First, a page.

Self-employment is the preferred way to earn a living for an increasing number of people for a variety of reasons. To reduce the stress and cost associated with commuting, to improve work-life balance or accommodate personal commitments, to increase productivity and overall job satisfaction, or simply to achieve greater flexibility and autonomy at work. For people who suffer from mental health conditions such as depression, anxiety and stress-related disorders, self-employment provides the opportunity for them to effectively manage their difficulties in relation to their own capabilities, or even to avoid stigma in the workplace.
Setting up a business and working for yourself is a big step. It’s the dream for many, but it’s not desirable or suitable for everyone. Some people need the structure of traditional employment to stay motivated and focused, or to guarantee a steady and secure income. It is an incredibly effective coping mechanism for many individuals because it can provide a sense of value and purpose, and some people really thrive on human interaction in the workplace. However, the pressure and long working hours associated with many forms of conventional employment can have a negative impact on certain individuals, which can cause or exacerbate mental health conditions.
A number of important studies have been carried out to examine the impact of employment and self-employment on mental health. One such report by the Royal Society for the encouragement of Arts, Manufactures and Commerce (RSA) found that, out of the 1000 participants surveyed, 84% were more satisfied than typical employees. Many of these respondents worked longer hours, earned less money and were more isolated compared to when they were employed in conventional jobs, yet they reported being happier overall because they gained more freedom and control from self-employment.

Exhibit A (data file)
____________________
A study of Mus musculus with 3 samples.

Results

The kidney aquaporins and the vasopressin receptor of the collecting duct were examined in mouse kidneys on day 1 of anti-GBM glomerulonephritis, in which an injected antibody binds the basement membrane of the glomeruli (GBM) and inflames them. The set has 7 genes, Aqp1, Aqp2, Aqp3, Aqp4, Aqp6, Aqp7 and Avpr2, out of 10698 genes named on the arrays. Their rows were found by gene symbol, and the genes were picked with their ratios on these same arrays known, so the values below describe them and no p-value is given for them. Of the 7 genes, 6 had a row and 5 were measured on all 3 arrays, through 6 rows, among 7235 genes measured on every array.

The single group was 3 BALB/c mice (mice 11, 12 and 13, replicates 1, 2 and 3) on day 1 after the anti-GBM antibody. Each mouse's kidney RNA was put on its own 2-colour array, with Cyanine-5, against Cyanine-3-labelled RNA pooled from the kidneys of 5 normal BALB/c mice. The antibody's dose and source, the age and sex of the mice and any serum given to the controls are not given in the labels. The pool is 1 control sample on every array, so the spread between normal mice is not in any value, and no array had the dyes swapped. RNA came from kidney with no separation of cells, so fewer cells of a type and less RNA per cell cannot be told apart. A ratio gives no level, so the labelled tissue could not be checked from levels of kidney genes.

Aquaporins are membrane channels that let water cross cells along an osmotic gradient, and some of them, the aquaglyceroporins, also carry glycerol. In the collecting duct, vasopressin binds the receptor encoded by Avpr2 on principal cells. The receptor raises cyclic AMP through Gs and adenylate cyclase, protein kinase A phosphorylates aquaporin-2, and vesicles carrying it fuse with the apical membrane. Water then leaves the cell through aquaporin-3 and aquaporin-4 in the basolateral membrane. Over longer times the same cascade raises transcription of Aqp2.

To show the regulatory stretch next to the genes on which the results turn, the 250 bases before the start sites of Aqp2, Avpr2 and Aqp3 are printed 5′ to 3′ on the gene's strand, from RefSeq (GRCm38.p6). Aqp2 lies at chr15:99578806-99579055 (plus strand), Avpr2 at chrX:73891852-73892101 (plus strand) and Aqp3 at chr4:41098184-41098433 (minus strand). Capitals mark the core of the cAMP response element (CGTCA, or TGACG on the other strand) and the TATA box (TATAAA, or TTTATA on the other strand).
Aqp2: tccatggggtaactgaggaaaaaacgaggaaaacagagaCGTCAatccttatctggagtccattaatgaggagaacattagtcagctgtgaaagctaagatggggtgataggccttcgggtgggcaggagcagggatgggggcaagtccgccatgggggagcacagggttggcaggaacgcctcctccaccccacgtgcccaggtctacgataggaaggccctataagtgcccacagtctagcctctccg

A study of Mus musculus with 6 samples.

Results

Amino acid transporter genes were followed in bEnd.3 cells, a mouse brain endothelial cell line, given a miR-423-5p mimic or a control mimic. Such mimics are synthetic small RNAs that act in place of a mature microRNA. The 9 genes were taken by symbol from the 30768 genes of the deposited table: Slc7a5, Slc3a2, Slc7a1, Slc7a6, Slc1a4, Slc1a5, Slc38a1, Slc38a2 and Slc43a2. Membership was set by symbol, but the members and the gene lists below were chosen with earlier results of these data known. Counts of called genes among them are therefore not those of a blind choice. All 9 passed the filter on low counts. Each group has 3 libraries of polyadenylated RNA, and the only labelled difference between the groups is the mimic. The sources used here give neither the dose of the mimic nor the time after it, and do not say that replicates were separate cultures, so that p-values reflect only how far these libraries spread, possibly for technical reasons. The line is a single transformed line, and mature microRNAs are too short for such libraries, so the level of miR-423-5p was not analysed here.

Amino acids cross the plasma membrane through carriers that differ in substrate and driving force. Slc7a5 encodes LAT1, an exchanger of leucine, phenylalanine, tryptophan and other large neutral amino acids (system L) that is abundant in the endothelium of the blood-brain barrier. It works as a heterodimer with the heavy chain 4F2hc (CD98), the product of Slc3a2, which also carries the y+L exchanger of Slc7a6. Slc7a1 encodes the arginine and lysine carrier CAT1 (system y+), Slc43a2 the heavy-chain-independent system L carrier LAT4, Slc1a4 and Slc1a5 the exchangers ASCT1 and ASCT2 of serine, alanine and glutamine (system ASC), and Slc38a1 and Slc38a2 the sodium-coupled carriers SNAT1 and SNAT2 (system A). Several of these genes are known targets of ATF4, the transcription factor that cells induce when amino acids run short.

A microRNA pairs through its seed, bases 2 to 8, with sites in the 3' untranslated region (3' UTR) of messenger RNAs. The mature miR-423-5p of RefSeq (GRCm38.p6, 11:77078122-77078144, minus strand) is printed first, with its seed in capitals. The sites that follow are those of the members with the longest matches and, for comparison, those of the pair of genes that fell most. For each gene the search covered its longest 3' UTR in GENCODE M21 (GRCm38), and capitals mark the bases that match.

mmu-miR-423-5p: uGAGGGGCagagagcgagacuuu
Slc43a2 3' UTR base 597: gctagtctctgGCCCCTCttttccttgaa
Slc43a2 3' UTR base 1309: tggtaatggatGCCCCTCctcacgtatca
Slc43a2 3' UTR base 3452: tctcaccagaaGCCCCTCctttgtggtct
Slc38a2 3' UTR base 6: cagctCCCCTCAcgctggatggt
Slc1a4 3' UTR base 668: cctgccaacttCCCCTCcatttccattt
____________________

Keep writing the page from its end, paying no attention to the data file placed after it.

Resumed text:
Whilst people who are happy in life are not necessarily happy in their job, achieving a greater sense of job satisfaction can have a significant impact on the personal lives and general well-being of others. The majority of the population spends approximately 1/3 of their adult life at work. What a thought. Is it any wonder that our health and wellness is so affected by the jobs we do? If you’re an optimistic person with a positive outlook on life, you’ll likely derive higher job satisfaction whatever you do. However, if you suffer from a mental health condition, there’s a much greater chance that lower job satisfaction will affect your life outside of work.
Potential disadvantages of self-employment
One of the downsides of self-employment that discourages many people is financial uncertainty. There’s not guarantee of consistent income. This can lead to stress and anxiety, particularly for those who are the sole or chief wage earner in the household. For this reason, self-employment may not be the best course of action for people with anxiety-related disorders.
Another disadvantage is isolation. If you work for yourself, there’s a higher change that you’ll spend most of your working day on your own. If you don’t have a wide social circle, this could be a difficult adjustment. Solitary working is the dream for some people, but it can be detrimental to those who suffer from depression or are prone to loneliness.
Is self-employment the answer?
The key to determining whether you’ll derive a better quality of life and improve your mental health from self-employment requires careful consideration. It is important to truly recognise and understand your own needs and capabilities before making any such decision. There’s no hard and fast rule. it’s simply a matter of weighing up the pros and cons and doing what is best for you.
About Rachel Craig
Rachel Craig is the senior content writer and editor for Quality Formations Limited, the UK’s #1 company formation agency. An expert in her field, Rachel provides in-depth guidance and advice on UK company registration, corporate compliance and starting a new business.
Prior to joining Quality Formations, Rachel worked in research and customer service after obtaining a BA Marketing and an MA History of Art from the University of Glasgow. In her spare time, she enjoys cooking, painting and spending time with her partner and their two untrainable dogs.